Students participating in UCLA School of Law’s innovative international human rights programs got the rare opportunity to attend summits in New York and Geneva, Switzerland, during the fall semester to support the work of their professor, E. Tendayi Achiume.

Achiume serves as the United Nations’ Special Rapporteur on Contemporary Forms of Racism, Racial Discrimination, Xenophobia and Related Intolerance. At UCLA Law, she teaches the International Human Rights Clinic and is a member of the core faculty of the Promise Institute for Human Rights, which sponsored the students’ travels.

At the U.N. General Assembly in New York in October, Achiume presented two reports: One focused on the ways in which national populism from Austria to the United States threatens racial equality, and the other detailed the rise of neo-Nazism on the internet. She also convened a discussion with representatives of U.N. member states and human rights agencies to discuss her reports in light of recent hate crimes, including the mass shooting at a synagogue in Pittsburgh, Pennsylvania.

In New York, Achiume was joined by six International Human Rights Clinic students — Ohene Ampofo-Anti, Amanda Brown, Julie Dargus, JD Dombrosky, Rie Ohta and Olivia Florio Roberts — along with UCLA Law research and advocacy fellow Kyle Elliot Fees.

Students participating in UCLA School of Law’s international human rights programs in New York City along with their professor, E. Tendayi Achiume, top row, fifth from left.
UCLA School of Law
Students participating in UCLA School of Law’s international human rights programs in New York City along with their professor, E. Tendayi Achiume, top row, fifth from left.

“The trip allowed us to observe a major human rights institution in action,” Florio Roberts said. “While we have taken numerous international law courses at UCLA Law, covering human rights fairly extensively, observing the inner workings of the U.N. and several side events added a lot of depth and perspective to the more theoretical discussions we have in class.”

The students helped Achiume draft talking points for the event, and they took extensive notes during the dialogue with the General Assembly. They also organized meetings involving prominent civil and human rights groups, including the American Civil Liberties Union and the Ford Foundation.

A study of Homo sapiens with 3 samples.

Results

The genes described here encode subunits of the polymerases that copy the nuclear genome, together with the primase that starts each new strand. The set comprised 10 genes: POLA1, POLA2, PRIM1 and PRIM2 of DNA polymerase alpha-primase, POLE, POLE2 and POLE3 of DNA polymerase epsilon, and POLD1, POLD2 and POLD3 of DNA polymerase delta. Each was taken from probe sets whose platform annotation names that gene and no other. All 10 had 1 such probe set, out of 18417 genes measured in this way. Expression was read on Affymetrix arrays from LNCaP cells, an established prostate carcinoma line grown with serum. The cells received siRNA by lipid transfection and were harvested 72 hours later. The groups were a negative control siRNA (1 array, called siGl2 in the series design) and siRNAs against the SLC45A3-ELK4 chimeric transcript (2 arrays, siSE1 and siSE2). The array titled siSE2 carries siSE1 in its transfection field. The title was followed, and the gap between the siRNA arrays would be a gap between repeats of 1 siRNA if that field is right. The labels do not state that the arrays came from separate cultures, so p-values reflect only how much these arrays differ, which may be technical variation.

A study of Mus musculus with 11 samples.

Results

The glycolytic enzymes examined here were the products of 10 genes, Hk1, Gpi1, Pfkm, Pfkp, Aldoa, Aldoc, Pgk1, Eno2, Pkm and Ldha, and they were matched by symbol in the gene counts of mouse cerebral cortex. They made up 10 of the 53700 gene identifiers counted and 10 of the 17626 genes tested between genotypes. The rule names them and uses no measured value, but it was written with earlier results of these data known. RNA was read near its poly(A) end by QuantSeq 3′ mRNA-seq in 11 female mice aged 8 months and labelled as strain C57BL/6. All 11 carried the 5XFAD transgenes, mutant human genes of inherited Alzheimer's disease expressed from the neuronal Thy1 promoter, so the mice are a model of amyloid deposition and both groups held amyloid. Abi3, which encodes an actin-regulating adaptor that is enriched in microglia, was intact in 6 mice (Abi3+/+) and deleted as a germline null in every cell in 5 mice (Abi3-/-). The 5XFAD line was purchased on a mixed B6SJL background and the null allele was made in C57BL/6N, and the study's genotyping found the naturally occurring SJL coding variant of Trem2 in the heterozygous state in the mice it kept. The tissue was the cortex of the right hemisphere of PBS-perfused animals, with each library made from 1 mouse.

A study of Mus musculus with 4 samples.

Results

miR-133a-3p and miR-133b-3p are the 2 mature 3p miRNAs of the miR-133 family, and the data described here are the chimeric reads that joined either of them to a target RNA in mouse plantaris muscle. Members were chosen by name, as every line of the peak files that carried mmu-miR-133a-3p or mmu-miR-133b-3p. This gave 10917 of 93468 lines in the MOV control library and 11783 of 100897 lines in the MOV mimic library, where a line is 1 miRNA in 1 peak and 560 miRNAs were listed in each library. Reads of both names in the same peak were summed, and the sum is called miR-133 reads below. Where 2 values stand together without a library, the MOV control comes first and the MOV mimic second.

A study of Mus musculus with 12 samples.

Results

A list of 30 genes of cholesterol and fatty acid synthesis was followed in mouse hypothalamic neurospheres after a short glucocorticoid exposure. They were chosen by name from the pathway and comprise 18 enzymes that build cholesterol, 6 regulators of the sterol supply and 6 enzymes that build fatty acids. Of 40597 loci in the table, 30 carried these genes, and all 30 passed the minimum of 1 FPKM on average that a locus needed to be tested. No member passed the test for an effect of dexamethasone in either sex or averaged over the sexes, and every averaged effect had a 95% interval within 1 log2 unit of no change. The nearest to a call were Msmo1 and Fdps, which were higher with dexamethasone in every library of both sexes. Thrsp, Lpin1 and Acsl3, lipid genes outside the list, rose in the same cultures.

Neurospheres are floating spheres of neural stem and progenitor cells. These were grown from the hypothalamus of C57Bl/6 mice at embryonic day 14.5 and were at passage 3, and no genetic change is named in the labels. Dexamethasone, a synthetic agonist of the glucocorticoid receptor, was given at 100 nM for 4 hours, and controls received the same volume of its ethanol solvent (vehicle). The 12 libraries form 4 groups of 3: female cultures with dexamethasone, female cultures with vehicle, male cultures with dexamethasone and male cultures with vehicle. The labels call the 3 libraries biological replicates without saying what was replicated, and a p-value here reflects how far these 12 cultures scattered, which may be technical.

Dombrosky said that the experience “was absolutely incredible. We were able to sit in on a variety of meetings, and being a part of discussions related to Professor Achiume’s mandate on contemporary forms of racism, racial discrimination, xenophobia and related intolerance was not only interesting but incredibly timely given the current state of affairs.”

E. Tendayi Achiume speaks at the United Nations
UCLA School of Law
E. Tendayi Achiume speaks at the United Nations.

Shortly after the New York trip, Achiume, human rights fellow Sarah Khanghahi, who graduated from UCLA Law in 2016, and three International Human Rights Clinic students — Daniel Johnson, Abigail Kerfoot and Nicole Van Zyl — traveled to the University of Geneva for a conference on human rights and cyberspace. It was the second such trip that Achiume has led to Switzerland this year.

Achiume convened a workshop titled “Human Rights, Racial Equality and New Information Technologies: Mapping the Structural Threats.” In addition to their work preparing the event and taking notes during the discussion, the UCLA Law delegation met and networked with U.N. staff and attended the first public talk by former Chilean president Michelle Bachelet, who was appointed as the U.N.’s high commissioner for human rights in August 2018.

“As Bachelet — herself a survivor of human rights violations under the Pinochet dictatorship — expounded on the role that human rights must play today, two indigenous Chilean women took the stage with banners alleging human rights violations during Bachelet’s own presidency,” Kerfoot said.

“This moment has stayed with me,” she continued. “It is emblematic of how the professional field of human rights might function to exclude marginalized voices even as it seeks to uplift and include all people. I hope that it will inform my work as a human rights lawyer by pushing me to look more critically and profoundly at my own role in the struggles of the people I advocate for.”